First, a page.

In June 2016, Raymond Peter Campiglio put up the Facebook page, Catcalled in the Philippines. He thought it would be a good way to empower women to share their stories and raise awareness about all forms of sexual harassment. As of February 6, 2017, Catcalled in the Philippines had 15,000 Facebook followers. That was also the same day that Facebook had taken down the page that had become an online refuge of sorts for women who had experienced sexual harassment.
Right before the page was taken down, Campiglio had called out two other Facebook pages—one for sexualizing a celebrity in order to generate hateful misogynistic comments, and another one for a rape joke. The rape joke in question is truly offensive and has also been reported by other individuals, as shown in the post we're embedding below.
Campiglio was doing a good deed by calling out the said Facebook pages for inappropriate content. But it would seem that the owners of the Facebook pages that he had reported have rigged the social media platform's reporting system. Apparently, the admins of these pages would ask their supporters to report Campiglio or his page.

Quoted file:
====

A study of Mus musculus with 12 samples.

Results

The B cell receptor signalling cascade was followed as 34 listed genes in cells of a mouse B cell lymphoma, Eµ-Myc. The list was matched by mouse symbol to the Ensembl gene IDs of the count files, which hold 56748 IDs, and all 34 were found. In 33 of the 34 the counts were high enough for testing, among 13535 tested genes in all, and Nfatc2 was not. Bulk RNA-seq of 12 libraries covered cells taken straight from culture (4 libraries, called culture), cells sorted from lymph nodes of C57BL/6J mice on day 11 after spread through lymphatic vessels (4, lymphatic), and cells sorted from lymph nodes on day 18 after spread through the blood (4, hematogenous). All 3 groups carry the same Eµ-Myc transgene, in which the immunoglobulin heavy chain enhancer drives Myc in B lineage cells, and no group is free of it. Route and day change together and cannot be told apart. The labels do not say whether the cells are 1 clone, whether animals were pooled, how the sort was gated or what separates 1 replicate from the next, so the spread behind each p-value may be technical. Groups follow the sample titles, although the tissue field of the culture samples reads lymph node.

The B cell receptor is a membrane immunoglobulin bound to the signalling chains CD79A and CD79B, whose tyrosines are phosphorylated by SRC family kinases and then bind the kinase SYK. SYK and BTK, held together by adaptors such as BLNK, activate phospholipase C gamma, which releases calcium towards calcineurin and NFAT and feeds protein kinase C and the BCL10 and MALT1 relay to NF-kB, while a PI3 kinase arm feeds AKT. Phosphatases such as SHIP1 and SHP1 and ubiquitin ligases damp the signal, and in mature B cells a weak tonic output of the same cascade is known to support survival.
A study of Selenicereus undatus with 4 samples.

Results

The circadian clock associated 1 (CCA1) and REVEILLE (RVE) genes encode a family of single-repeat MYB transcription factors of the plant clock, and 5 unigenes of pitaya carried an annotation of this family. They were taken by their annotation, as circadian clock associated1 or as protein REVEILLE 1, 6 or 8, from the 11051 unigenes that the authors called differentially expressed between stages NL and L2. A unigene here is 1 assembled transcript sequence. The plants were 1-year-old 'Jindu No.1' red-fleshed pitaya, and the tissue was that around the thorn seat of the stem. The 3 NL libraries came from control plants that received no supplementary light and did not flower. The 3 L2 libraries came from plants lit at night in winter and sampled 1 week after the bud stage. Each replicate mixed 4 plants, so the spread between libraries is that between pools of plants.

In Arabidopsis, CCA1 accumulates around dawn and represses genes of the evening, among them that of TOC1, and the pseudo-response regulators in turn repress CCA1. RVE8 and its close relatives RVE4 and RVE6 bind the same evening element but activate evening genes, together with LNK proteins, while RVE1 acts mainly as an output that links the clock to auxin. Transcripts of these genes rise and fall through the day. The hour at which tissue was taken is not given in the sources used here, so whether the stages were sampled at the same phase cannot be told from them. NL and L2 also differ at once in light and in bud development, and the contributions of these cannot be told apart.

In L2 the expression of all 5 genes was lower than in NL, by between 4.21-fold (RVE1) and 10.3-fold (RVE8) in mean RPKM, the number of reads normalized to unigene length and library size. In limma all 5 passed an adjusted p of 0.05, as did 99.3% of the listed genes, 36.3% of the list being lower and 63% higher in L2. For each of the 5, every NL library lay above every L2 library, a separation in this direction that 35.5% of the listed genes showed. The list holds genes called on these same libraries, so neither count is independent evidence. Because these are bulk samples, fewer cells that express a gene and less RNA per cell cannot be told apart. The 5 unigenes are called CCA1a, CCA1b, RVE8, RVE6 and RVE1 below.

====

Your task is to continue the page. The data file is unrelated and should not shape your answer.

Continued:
"I was reported for bullying behavior," Campiglio explained. He added, "I've been locked out of my account a lot of times for calling out vile pages. They get all their members to report me."
Here's the statement Campiglio posted in response to Catcalled in the Philippines being taken down:
Campiglio says he will soldier on. He also has this request for those sympathetic to his cause, "I hope you help (spread the story) of what happened to show people the depths and extent misogyny will go through to be in control."
This case alone shows us that sheer numbers can't determine what's wrong or right. In many instances, those who are doing what's right are outnumbered by those who are up to no good.